I always enjoy checking the mail. I'm a retired kind of guy. Strolling to the mailbox often highlights my day. I even like junk mail. I always think someone's going to send me something important. (They rarely do.)
On a recent trip out front, a letter from Cancer Care Associates in Oklahoma City caught my eye. (I thought it was a medical bill.) I'm a four-year cancer survivor, and CCA is my care provider. I ripped open the envelope, speed-read to see how much I owed, and then stopped abruptly. It wasn't a bill: "We need to make you aware of some changes being discussed that would hurt or even stop our ability to provide cancer care."
I hyperventilated, fearing an end to my follow-up visits to the oncologist " my security blanket " and imagining how active cancer patients must feel.
The letter asked me to lobby lawmakers for H.R. 2872, the Medicare Quality Cancer Care Demonstration Project Act of 2009. I couldn't decide. To lobby or not to lobby? Was this just a letter campaign to protect someone's bottom line or would the bill really help patients?
Providers don't much like the Obama administration's health care proposal to give patients a "public" insurance option. If a public plan is created, they say, it would be based on Medicare's lower rates and consequently drive down private insurers' payments. Providers say many practices would have to dramatically cut staff, even eventually closing offices. (Or raise fees. Or simply stop taking Medicare patients. Whoa, dude, I'm a Medicare guy.)
I Googled Community Oncology Alliance, a national nonprofit group of oncologists. Because it said 45 percent of all cancer patients are on Medicare, my calculations showed the cuts would affect nearly 8,000 Oklahomans diagnosed with cancer this year alone. During the past six years, Medicare cut payments more than 25 percent, causing services and drugs to be underpaid or unpaid. The 2010 Medicare Physicians Fee Schedule proposes another 21 percent cut in payments to physicians and an additional 6 percent cut to community oncology practices. (Hold on there, Barack. Let's have a beer at the White House and talk.)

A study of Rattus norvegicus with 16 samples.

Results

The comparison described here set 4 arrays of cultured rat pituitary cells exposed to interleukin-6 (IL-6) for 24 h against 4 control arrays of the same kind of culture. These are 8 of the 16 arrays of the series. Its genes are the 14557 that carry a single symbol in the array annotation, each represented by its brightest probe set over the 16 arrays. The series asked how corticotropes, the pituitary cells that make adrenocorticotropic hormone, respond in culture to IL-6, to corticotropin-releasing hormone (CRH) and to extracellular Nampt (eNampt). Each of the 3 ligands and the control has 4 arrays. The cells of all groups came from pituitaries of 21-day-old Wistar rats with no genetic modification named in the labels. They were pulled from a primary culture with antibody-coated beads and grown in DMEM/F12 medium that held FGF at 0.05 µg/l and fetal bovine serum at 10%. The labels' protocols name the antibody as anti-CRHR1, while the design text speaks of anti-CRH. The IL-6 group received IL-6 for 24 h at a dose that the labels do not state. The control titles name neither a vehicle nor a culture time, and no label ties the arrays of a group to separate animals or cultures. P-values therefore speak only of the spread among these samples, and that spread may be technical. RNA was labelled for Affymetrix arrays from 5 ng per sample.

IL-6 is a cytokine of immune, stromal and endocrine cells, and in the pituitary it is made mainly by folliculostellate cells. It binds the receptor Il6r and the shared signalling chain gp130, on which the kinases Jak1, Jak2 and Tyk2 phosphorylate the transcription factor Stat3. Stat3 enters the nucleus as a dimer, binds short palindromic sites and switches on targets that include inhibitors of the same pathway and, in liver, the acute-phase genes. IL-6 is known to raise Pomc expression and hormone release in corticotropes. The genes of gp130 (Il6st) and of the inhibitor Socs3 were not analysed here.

I needed a patient advocate's view. I called Lorna Palmer, executive director of the Central Oklahoma Susan G. Komen for the Cure affiliate. That organization says "a key aspect of health reform is chronic disease management, and a key to chronic disease management is the coordination of care." Cancer patients need a coordinated treatment plan and follow-up from diagnosis through survival. A written plan allows patients to review it with their doctors and better understand the process ahead, monitor their health and participate in care decisions.
"A written plan will help coordinate care among a patient's many doctors and providers, reduce medical errors, and ultimately improve patient care."
Now, Medicare pays nothing for critical planning, coordination and end-of-life care. H.R. 2872 would set up a demonstration project in which community cancer clinics would collaborate with Medicare. COA calls the project a landmark initiative to transform the payment system for cancer. It's designed to enhance quality care while controlling costs.
This was a rare time my mail was important. Congress needs to know this is a good bill for cancer patients. This is one phone call I need to make. (Just call me "lobby guy.")
Willis, a former Muskogee Phoenix managing editor, is the author of "Saving Jack: A Man's Struggle with Breast Cancer."